29 July 2016

Crossed points - how railway companies are still taking passengers for a ride


Railway companies are not moving fast enough to deliver fairer ticketing


When planning rail journeys, I've had to spent longer than should be necessary through having to check a few rail websites to ensure I get the most suitable ticket. It's frustrating that I can't be confident enough to just enter my details and buy.

You can't be sure that you are getting all the train and ticket price information you need from even the authoritative websites, such as the National Rail Enquiries website (run by the Association of Train Operating Companies - ATOC), or at the train operating companies own individual websites as well as on the websites of third parties. Government can get energy companies to now offer understandable and complete price information; why can't similar happen with rail?

Hidden Trains

Rail websites - including NRE and the train operating companies' own sites - don't list some trains. Read the exchange (from the bottom) that I had on Twitter last month with NRE about this problem:


This week, The Times has run a series of articles reporting about this 'hidden trains' flaw, as well as about other problems such as how rail companies won't tell you how you can save money by splitting tickets. That's when you buy a ticket, say from London to Coventry and from Coventry to Manchester, that might be cheaper than a ticket from London to Manchester. You can use these split tickets on the same train, as long as it stops in Coventry and with no need to change at that intermediate station.

In response to this negative coverage, the rail industry appears to have realised it needs to make some conciliatory noises. But are they moving their position as much as they are suggesting? 

Airline style ticketing  

In today's Times, there's a further article about rail fares and which has a misleading comment that is attributed to the Rail Delivery Group - RDG (a rail trade body - Network Rail and the train and freight operating companies). It's announcing as new - and with a fanfare - something that has been long established: Airline style ticketing.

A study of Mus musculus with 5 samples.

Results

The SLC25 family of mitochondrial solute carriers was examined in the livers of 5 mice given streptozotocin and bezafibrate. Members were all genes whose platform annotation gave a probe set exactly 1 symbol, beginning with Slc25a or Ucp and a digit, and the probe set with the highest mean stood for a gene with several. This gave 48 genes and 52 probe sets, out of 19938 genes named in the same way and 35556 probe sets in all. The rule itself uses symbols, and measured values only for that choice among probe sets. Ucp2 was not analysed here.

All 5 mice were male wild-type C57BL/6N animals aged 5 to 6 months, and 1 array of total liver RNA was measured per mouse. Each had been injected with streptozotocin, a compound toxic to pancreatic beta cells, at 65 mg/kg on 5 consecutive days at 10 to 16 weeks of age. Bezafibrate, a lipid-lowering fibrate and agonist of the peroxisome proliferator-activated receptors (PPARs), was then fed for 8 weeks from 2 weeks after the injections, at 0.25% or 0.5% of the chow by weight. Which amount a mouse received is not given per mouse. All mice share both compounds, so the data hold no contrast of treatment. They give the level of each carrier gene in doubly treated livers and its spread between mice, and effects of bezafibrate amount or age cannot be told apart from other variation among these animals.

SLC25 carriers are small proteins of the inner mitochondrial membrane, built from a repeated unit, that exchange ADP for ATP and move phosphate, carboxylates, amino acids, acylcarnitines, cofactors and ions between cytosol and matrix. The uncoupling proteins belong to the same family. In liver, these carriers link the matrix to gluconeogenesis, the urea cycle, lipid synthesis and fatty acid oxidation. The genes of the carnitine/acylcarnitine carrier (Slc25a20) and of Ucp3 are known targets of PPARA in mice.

This pick 'n' mix style ticketing, that is proclaimed in the article, has been here for a long time. Look at this example from the National Rail Enquiries (NRE) website, for a trip from London to Manchester and back, today, with outward travel during peak time and return travel off-peak.


You can buy the Anytime return for £322 but it's cheaper to 'pick 'n' mix & buy an Anytime single (£166) out & an Off-peak single for the return (£41.20) for a total of £207.20. But it's no big deal - most people know that's what you do; buy two differently priced singles rather than buy a peak return ticket if you are only travelling during the peak period in one direction. So this is hardly the "better and more transparent" deal that the RDG claim.

(I wonder whether Airline style pricing - dynamic pricing where prices constantly change to reflect demand - may ever be widely used for rail in the UK?)

Unpublicised tickets
 
I was pleased to see the RDG stating in today's article that "Passengers would be given the option of slower, cheaper trains". But will all the 'hidden' trains be publicised? That's the issue covered in the tweets above but let me give more detail:

Look at these screenshots from NRE and London Midland websites for travel this morning from London Euston to Perry Barr. 

Note how the 0749 London Midland train is not listed by NRE. It's a much slower journey but it has only the same single change (at Birmingham New Street station) as the faster journeys that include Virgin Trains (London to Birmingham). But this alternative by London Midland only is £36 cheaper. 


Unnecessary delay?
 

The RDG also say today that "most of the changes it was suggesting required government approval." Really? What's to stop NRE listing the hidden trains on their website straightaway?